A Lifelong Dodger Fan
I have been a Dodger fan since I was eight or nine years old. I lived in a small town in north Georgia and I did not have a radio. There was a pool hall about a five-minute walk away from our home so I would go there to get the Dodger’s ballgame scores.
The manager challenged my age so I had to think about how to change his mind. I have a cousin, five years older than I who had already made a name for himself at the pool hall and golf links. I talked to him and asked if he could get me a pass to enter the pool hall at night. He talked to the manager and got the pass for me. In those days, in the middle of the 1930s, this was a real treat as well as illegal! Later, when I was able to buy a radio, I didn’t have to go to the pool hall to get the scores!
At this early stage of my life I had been exposed to sandlot baseball. One of my favorite uncles, who happened to be a baseball fan, would drive me 70 miles to Atlanta to see the Dodgers and Yankees play exhibition games after spring training in Saratoga, Florida. I chose the Dodgers as my baseball team and I still follow their games on my computer . . . no more pool halls!
That was when I decided to be a baseball player for my life’s work. When I was 16 years old I was able to play fast pitch softball and American Legion baseball. As I was gifted with better than average speed and had a “great arm,” I was a natural to play center field and always hit over 300.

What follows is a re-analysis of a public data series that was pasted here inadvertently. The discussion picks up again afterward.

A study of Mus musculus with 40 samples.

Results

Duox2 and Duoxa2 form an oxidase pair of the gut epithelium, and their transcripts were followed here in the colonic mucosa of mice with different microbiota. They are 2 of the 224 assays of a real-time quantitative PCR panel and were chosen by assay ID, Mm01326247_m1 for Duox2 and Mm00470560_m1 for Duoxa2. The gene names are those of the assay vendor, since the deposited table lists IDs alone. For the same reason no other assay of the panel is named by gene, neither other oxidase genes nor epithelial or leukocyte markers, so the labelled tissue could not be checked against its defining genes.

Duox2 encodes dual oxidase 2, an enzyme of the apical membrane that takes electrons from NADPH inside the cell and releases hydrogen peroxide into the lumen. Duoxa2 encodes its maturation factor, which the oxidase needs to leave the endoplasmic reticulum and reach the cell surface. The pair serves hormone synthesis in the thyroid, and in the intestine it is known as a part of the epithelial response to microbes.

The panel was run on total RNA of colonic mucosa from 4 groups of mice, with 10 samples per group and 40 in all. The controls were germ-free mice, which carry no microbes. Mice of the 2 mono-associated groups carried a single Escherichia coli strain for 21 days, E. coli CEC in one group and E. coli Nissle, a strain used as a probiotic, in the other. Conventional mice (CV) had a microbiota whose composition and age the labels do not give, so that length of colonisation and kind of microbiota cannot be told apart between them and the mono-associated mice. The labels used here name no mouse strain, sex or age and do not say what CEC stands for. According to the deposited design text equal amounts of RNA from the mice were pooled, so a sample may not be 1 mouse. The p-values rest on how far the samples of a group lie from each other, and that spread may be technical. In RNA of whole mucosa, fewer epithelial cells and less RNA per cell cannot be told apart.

One night during the summer of 1946, after we had won our softball game, my two companion players in the outfield challenged me to see who had the best throwing arm. When my turn came I uncorked a pitch that sailed against the fence at home plate. Everyone in the ballpark heard the noise of my right shoulder breaking in the joint.
A surgeon patched me up and said that he had done his best. My baseball coach told me that the injury had derailed my baseball career hopes. To say that I was heartbroken is an understatement. The accident affected my tennis, swimming and football abilities as well.
My lifelong motto became “you can’t change the cards you are dealt; the solution is how you play them.”